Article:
It's a dinky little room, up the back and above the main meeting room at Tamaki Māori Village.
"Hello, Prime Minister."
It's a bit strange not to shake the PM's hand when you meet her, but this is 2020.
Prime Minister Jacinda Ardern was in town on Monday to announce that if re-elected to Government, Labour would make Matariki a public holiday.
So why this, why now, and why in Rotorua?
Ardern says it's a public holiday that's time has come.
"It's unique to New Zealand, it's representative of the Māori new year, and of course over recent years there have been greater and greater calls for us to embed that in our calendar."
She says starting it in 2022 balances the cost to businesses, and the boost it may give the tourism sector.
Ardern acknowledges there have also been calls to make Parihaka - November 5 - a commemorative holiday.
She says teaching New Zealand history in schools has been a way to respond to those calls.
"For Parihaka, we've made investment through the Provincial Growth Fund to make sure we are regionally showcasing and acknowledging the history of that part of the region and also its role within New Zealand history."
She says in each area, Labour has been working to lift the profile of "those different parts of our history and our culture, and hopefully getting the balance right between all of them".
"Matariki is something that does bring together different regions, different areas across the country.
"It is a chance for us, in the middle of winter, to have a moment of celebration."
She says Matariki has the power to bring the country together and acknowledge "who we are".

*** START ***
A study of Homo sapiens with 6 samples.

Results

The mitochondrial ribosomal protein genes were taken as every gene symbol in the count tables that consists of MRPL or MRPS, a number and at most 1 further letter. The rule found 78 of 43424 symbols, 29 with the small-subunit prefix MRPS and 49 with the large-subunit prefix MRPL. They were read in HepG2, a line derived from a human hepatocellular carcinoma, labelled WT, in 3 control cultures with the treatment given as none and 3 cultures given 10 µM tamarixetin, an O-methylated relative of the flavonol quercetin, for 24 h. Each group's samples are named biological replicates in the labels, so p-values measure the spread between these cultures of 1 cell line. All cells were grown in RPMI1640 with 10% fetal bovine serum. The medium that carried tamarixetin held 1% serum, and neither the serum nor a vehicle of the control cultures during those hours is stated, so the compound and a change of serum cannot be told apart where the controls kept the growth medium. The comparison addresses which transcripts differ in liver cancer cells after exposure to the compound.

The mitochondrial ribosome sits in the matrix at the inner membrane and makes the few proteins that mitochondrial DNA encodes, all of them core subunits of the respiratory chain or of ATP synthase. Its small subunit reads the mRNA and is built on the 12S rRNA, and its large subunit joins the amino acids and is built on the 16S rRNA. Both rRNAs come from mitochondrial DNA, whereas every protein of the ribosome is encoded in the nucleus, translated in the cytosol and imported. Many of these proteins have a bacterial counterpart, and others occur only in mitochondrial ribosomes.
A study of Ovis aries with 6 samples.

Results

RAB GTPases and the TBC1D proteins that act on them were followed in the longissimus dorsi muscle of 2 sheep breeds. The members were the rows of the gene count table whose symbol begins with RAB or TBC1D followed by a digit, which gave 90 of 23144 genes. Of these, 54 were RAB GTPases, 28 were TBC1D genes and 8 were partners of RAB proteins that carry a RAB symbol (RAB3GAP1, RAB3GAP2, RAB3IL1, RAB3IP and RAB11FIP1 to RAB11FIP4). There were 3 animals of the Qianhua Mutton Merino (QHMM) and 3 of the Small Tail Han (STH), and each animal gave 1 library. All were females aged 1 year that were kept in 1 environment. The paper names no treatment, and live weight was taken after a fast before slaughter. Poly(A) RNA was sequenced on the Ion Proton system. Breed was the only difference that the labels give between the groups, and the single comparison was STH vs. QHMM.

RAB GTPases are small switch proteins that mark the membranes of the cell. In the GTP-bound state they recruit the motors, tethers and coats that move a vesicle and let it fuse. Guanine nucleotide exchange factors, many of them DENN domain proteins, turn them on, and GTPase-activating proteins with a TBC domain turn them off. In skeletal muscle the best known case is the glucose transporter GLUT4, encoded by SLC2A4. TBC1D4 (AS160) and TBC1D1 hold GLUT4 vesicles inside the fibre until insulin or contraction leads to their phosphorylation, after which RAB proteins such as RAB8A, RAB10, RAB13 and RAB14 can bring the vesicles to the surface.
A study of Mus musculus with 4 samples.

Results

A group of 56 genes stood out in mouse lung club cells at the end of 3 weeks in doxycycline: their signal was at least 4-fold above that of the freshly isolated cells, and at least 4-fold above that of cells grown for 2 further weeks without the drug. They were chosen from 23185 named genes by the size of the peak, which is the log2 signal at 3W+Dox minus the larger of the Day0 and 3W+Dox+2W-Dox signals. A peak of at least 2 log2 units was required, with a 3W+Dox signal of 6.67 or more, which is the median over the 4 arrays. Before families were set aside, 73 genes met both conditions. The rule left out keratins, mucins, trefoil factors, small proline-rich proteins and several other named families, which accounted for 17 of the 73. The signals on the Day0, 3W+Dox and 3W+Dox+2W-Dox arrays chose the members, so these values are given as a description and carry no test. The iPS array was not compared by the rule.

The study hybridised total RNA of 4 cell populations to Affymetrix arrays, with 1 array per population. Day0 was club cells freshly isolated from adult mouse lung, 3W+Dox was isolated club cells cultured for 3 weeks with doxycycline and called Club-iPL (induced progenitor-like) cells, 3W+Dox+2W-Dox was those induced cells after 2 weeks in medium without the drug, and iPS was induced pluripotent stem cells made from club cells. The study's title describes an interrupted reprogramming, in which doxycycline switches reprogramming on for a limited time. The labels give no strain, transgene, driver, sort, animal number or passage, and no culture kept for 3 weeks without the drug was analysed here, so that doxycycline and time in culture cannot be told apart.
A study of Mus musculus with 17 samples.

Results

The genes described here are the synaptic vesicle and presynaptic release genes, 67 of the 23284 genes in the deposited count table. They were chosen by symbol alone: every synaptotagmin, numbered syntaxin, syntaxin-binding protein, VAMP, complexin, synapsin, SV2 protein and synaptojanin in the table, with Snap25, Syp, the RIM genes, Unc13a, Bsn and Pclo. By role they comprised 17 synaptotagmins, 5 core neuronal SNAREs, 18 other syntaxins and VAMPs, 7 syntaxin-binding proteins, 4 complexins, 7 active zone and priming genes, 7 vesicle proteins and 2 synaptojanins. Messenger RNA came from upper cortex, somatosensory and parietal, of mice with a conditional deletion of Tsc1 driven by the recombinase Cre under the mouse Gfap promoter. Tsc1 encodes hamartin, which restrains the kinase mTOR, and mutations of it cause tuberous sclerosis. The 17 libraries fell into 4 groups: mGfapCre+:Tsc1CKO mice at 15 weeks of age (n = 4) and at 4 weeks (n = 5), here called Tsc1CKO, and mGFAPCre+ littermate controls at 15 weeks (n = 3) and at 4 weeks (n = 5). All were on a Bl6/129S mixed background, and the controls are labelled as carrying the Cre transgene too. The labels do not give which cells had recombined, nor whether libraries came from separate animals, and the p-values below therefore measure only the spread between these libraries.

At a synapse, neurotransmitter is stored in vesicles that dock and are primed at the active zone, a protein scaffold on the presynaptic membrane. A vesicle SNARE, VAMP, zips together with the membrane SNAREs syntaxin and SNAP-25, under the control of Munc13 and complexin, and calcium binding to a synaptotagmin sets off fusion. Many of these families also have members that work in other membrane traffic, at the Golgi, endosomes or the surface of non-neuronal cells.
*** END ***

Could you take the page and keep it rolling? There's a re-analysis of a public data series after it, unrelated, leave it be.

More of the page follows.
"When you think of our public holiday landscape at the moment, there's not many, if any, that really do that other than the acknowledgement of Waitangi Day."
We pivot to child poverty - a topic Ardern has said before is one of her biggest issues - and an issue in Rotorua.
She lists what was achieved in the first 100 days of Government - "that families package which introduced a new universal payment for children in the first year of their life… we also extended paid parental leave... we increased paid parental leave as a payment… we also increased the family tax credit, we have indexed benefits to wages, we have increased general benefit rates by $25 a week and we introduced the winter energy payment".
"Taken as a whole, those are the most significant reforms for those on low and middle incomes that New Zealand has had for decades and it will, and is making a dent in child poverty.
"We've made a good start, we need to do more though."
There was the lunches in schools programme too, which had been extended, she says.
Last week, New Zealand ranked near the bottom of a Unicef league table ranking OECD countries on child wellbeing.
Yesterday Children's Commissioner Judge Andrew Becroft told me the Government had put "more in place than has ever been done for 30 years" to rectify issues of child poverty related to the 1991 "Mother of All Budgets" cut to benefits.
However, he said there was still a call for an increase to benefits in the realm of, broadly speaking, $75-$100 a week, echoing a recommendation by the Welfare Expert Advisory Group.
In response, Ardern says people often look to "just solely look to benefit increases".
"What often isn't looked at is the cumulative effect for children of the targeted support."
Ardern laughs when I bring up a recent opinion piece that called for people to stop calling her "Cindy" because it is sexist and belittling.
I sense she doesn't like the name. She told The New York Times in 2018 she hated it.
But she's diplomatic.
"I've had a range of nicknames over my time in politics and none of them particularly bother me.
"When people put 'auntie' in the front I always find it a term of endearment."
So it's not sexist?
"I've never given it much thought. I've had nicknames my whole life. Jacinda is just one of those names that's easy to turn into a nickname.
"There's some [nicknames] I prefer over others though."